The Tories aren’t as stupid as they’re made out. In fact, part of their cleverness has always lain in pretending that they are dumber than they really are. That’s how they escaped the guillotine (or hangman’s noose) in French revolutionary times – who could believe that these British upper-class twits could be worth executing? – and why we still tolerate them today. Boris Johnson’s main value to the Tories is to perpetuate this cuddly, eccentric image, so we won’t get too angry with the obnoxious ones with the real power; like – in the last government – George Osborne.
Boris’s shielding of Osborne, however, couldn’t last for ever. People were beginning to suss the latter out for the gratuitously austerian Chancellor that he was. That was in line with the tide of world opinion, which was turning against extreme free market capitalism on several fronts.
So the Tories’ next cunning plan has been to disown Osborne and his policies, just like that. Osborne himself was dumped unceremoniously. There was to be no more obsession with ‘balancing the books’. State intervention, now, would facilitate growth. Housing would be taken out of the hands of the ‘market’ alone. Rogue capitalists and rich tax-avoiders would be clobbered. Social inequalities would be ironed out. The slogan now was a State – a State, mark you – that works for everyone, not just for the fortunate few: the implication being, of course, that the previous government, Cameron’s, which Teresa May had been part of, had only worked for the toffs. As Cameron’s successor as Tory leader (and as prime minister), May seems to be embarking on a total makeover for the party that she herself once castigated as being perceived, at least, as the ‘nasty’ one. This could mark a political revolution as remarkable as any that New Labour (now Old Labour) would have brought about. And that without a single vote being cast – on this issue, at least. (The Brexit vote, and the political chaos that that unleashed, obviously played its part.)
A number of questions arise from this. The first is, can she keep it up? It’s easy to spell out wonderful ideals, but then also to stumble, in part because of circumstances beyond the idealists’ control. Look at Obama. That is, if we can credit that May really is an idealist, and not just a cynical manipulator of phrases, for party political gain. Will her more Right-wing backbenchers and rich backers be content to travel this new road? I imagine her new xenophobic rhetoric (below) might help. The Nasties will love that.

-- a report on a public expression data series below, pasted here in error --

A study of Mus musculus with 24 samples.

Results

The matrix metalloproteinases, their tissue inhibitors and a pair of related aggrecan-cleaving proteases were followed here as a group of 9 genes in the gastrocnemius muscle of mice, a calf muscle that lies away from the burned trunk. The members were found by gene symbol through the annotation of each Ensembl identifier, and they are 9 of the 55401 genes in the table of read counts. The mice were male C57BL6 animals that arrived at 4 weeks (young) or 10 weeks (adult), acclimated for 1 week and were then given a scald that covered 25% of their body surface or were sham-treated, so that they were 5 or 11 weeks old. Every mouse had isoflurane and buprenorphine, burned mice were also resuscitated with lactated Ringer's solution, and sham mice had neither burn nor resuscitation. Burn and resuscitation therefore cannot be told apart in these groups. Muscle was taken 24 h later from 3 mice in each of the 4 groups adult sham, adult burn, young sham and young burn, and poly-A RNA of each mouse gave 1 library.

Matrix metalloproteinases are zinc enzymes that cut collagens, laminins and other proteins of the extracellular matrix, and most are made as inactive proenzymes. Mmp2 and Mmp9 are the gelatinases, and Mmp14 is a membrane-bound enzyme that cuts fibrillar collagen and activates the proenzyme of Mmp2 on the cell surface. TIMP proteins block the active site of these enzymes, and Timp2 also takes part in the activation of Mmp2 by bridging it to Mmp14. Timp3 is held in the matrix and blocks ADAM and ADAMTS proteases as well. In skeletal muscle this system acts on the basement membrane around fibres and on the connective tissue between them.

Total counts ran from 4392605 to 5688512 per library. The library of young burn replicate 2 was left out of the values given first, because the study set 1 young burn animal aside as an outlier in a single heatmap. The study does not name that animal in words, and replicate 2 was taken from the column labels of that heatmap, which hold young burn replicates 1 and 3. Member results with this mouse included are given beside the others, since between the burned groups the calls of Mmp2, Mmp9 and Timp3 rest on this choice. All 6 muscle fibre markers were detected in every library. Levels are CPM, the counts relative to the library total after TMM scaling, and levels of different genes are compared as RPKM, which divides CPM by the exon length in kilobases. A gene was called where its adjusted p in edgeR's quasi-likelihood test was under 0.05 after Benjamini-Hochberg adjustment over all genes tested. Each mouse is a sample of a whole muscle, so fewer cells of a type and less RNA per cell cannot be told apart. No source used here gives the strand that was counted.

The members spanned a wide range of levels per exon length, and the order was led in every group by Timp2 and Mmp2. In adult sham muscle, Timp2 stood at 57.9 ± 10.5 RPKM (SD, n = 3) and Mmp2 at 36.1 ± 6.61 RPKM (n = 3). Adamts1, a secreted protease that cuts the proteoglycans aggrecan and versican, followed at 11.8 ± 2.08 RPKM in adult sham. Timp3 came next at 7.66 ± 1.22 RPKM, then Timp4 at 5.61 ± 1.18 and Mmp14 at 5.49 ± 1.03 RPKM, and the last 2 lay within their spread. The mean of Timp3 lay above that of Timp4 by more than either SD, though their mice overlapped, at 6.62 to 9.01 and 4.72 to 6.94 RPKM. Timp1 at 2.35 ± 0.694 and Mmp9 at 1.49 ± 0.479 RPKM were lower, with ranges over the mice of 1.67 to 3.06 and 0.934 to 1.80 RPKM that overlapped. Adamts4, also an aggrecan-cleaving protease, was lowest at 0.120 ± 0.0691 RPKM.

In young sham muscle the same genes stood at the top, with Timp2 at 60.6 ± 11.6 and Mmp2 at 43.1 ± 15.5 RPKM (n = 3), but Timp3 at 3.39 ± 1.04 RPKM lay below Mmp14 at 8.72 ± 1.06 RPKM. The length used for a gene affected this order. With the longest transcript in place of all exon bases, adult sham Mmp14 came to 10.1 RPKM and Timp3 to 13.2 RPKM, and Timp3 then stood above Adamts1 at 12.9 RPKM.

Secondly: where does it leave the Labour Party? Many of May’s new aims and objectives have been taken right out of Jeremy Corbyn’s book. That leaves Labour with hardly a single original progressive policy to stand on. It’s going to find the new Chancellor of the Exchequer, Philip Hammond, a less easy target than the monstrous Osborne. With its (ill-deserved) reputation for financial inefficiency, that could well hold Labour back. And then there’s the ‘immigration’ thing to factor in.
That is the Conservatives’ really clever stroke, of course. Opinion is fairly widespread already – it’s what boosted the Brexit vote – that people’s jobs, houses, school places and chances of being treated in British hospitals have been undermined by mass immigration in recent years. It is probably not true; but the new government’s sympathetic response to it – wanting to replace foreign doctors by Brits, to force employers to reveal numbers of immigrant workers, and so on – will feed and boost this prejudice. Disaffected ex-Labour voters will feel they’re being ‘listened to’ at last. That also spells danger for Labour.
The nationalist tone of much of the rhetoric coming from the Conservative camp just now suggests another kind of danger. As a self-proclaimed ‘citizen of the world’, though still a fond Englishman (and soon a Swede, I hope), I resented and feared her slight on my kind of internationalist: ‘a citizen of the world is a citizen of nowhere’. I’m alarmed by the physical attacks taking place against foreigners on English streets just now, which have proliferated greatly since Brexit. If May and her government are going to play that ‘nasty’ card over the next few years, it could be dangerous not only for the Labour party, but for the country, and even for the world; for this new exclusionary nationalism is not, of course, confined to us.
This is exactly the combination of appeals which has given rise to fascist movements in the past. Hitler was popular because he purported to be both a nationalist and a socialist (Nazionalsocialismus). Mussolini did the same. Donald Trump and Marine le Pen seem to be going down this road. It should be said that it doesn’t have to lead to Fascism. Way back in British history, Disraeli’s appeal to working-class voters was similar: in his case it was ‘social reform’ allied to ‘patriotism’. Let’s hope Theresa May’s nationalism goes no further than her illustrious Conservative predecessor’s did. She’s obviously not stupid; in fact she’s proving herself to be very canny. But the danger is there. It may depend on how Brexit goes. And we’re not there yet, of course.